What’s happening in the states: April 2021

Welcome to our What’s happening in the states blog series, where we provide monthly legislative updates on what the American Kidney Fund (AKF) is working on across the country to improve the lives of those living with kidney disease and protect living organ donors.

AKF is currently working on more than 150 bills in 48 states, and we are seeing great progress thanks to our dedicated Ambassadors! Kentucky just signed their Living Donor Protection Act of 2021 and an accumulator ban bill into law, and New Jersey’s Living Donor Protection Act has already passed the state legislature and is awaiting the governor’s signature. With Kentucky’s new protections for living donors, their grade moves up from a D to a C on our State of the States: Living Donor Protection Report Card.

Washington and Pennsylvania

Living donor protection legislation is also moving quickly through the Pennsylvania and Washington legislatures. Both states’ bills have already passed out of their originating chambers and had committee hearings in the second chamber (meaning it passed out of the House and is now being heard in the Senate, or vice versa). AKF Ambassadors have been testifying with us during these bill hearings, and their powerful personal stories hit home for lawmakers like Pennsylvania State Representative Tarah Toohil, who is a living donor herself.

The bills would prohibit insurance companies from discriminating against people based on their status as an organ donor. Right now, only 15 states have anti-insurance discrimination laws to prohibit life, disability and long-term care insurers from discriminating against living organ donors by charging them higher premiums or denying them coverage altogether. By preventing discriminatory insurance practices, these bills would remove barriers to living donation and increase the supply of organs available for transplantation.

There are more than 93,000 people on the national kidney transplant waiting list, but only 23,644 people were able to get a kidney transplant in 2020. Of those transplants, just 5,234 came from living donors. We need to do whatever we can to increase the organ supply and encourage more living donations, and removing financial burdens for living donors can help us accomplish that.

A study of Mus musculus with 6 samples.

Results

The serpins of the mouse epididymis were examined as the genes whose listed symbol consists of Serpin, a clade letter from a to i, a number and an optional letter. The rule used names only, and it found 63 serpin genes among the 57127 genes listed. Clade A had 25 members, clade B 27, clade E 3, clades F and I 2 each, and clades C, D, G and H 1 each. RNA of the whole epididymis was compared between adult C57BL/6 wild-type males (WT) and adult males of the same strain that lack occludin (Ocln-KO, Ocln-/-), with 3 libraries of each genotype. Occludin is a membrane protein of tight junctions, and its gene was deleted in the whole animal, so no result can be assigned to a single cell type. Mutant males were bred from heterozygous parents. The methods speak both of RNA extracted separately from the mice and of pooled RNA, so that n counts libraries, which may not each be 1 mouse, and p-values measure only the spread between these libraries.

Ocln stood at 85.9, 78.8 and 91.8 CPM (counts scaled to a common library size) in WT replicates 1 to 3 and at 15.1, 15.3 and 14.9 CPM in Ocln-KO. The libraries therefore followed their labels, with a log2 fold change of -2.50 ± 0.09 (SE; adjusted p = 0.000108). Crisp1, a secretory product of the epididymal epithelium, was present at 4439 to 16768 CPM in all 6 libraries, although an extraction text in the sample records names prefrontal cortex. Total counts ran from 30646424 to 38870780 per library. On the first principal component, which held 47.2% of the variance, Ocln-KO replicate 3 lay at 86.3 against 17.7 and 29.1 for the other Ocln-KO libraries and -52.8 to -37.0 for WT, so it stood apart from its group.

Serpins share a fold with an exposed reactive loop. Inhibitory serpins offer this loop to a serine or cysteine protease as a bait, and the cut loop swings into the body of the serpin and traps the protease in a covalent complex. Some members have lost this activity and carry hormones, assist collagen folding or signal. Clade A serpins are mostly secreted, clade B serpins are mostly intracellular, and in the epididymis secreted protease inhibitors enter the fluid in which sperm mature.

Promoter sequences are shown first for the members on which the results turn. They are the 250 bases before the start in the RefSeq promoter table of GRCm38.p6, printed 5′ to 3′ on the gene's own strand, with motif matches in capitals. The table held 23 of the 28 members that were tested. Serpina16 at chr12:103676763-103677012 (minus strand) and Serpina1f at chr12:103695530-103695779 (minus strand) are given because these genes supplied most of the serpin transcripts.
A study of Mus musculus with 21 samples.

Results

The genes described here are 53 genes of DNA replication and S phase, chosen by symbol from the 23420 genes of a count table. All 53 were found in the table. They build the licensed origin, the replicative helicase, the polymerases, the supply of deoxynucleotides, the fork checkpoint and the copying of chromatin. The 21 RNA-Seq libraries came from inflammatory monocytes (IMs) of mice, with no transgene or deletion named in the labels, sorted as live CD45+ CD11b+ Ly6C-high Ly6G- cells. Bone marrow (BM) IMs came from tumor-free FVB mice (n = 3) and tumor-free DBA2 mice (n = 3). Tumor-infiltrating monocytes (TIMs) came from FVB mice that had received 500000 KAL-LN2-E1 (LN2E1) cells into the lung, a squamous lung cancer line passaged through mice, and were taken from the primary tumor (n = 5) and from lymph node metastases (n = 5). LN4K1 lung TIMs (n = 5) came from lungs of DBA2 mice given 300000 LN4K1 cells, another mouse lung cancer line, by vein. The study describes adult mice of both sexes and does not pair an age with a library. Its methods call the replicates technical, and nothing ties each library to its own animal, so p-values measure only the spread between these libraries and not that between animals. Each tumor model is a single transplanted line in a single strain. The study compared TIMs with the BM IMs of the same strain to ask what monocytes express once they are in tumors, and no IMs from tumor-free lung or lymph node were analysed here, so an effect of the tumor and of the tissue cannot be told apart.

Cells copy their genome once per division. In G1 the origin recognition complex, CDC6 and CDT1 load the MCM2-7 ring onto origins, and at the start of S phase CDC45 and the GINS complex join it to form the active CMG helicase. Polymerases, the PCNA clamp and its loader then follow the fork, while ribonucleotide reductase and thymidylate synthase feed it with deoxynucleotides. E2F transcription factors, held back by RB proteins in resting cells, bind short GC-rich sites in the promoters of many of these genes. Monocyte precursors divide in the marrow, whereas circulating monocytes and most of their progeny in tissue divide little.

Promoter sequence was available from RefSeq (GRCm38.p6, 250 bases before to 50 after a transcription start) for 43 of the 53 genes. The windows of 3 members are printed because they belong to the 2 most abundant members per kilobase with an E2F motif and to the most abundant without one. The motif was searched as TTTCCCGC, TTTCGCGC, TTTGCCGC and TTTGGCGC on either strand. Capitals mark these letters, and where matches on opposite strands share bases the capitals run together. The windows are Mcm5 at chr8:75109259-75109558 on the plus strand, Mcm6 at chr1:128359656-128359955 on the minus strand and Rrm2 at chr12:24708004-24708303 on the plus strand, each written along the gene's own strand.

Oregon and Colorado

Oregon’s Kidney Disease Prevention and Education Task Force bill passed the House Health Committee unanimously. The task force would develop kidney disease education, awareness and prevention strategies and programs for Oregonians. If the bill passes, the task force will help curb the growing rate of kidney disease in the state, hopefully before the numbers reach a breaking point.

Colorado’s Kidney Disease Education and Prevention Task Force bill passed out of the House Health & Insurance Committee. The task force would study the reasons for the rising incidence of kidney disease in the state and provide legislative recommendations for how to prevent and combat it. It is extremely important for more education and resources to be available for Coloradans, and this task force will enable the state to provide more assistance and expand outreach efforts. We are grateful for the support of Representatives Bradfield and Titone and are thrilled to see that the bill has moved to the House Appropriations Committee.

Another bill in Colorado—Pruitt’s Law—would prohibit discrimination against potential organ transplant recipients based solely on their physical, developmental or intellectual disability. AKF believes that no one should be denied an organ transplant based on their disability status and that everyone should have the same access to care. We are happy to see this bill pass the House Health & Insurance Committee and will continue to support pieces of legislation that break down barriers for those in need of a transplant.

Resolutions and proclamations for Kidney Month

Kidney Month (March) and Donate Life Month (April) are busy times at AKF and for kidney legislation around the country! Eight states introduced kidney disease awareness resolutions to officially recognize the importance of these months. We are thrilled to see Alabama, Delaware, Florida, Michigan, Mississippi, Missouri and New York taking steps to increase awareness, promote the importance of early detection of kidney disease and empower AKF Ambassadors.

Ambassador Tamara Walker helped to get March designated as Kidney Disease Awareness Month in Athens-Clarke County, Georgia, where she lives. The county’s proclamation, signed by Mayor Kelly Girtz on March 25, encourages residents to ask their physicians to screen them for kidney disease.

There is much more to come this session, so stay tuned to this blog series for updates on all these bills and more. For now, learn how well your state protects living organ donors on our Report Card .

How can you help?

All these bills have a better chance of moving through the legislative process with your help! If you would like to contact your state elected officials about these bills or help with written or live testimony during bill hearings, please reach out to Melanie Lendnal, AKF’s director of state policy & advocacy, at mlendnal@kidneyfund.org.


Melanie Lendnal and Lindsay Gill

Melanie Lendnal is the director of state policy & advocacy, and Lindsay Gill is the associate director of state policy & advocacy, at the American Kidney Fund.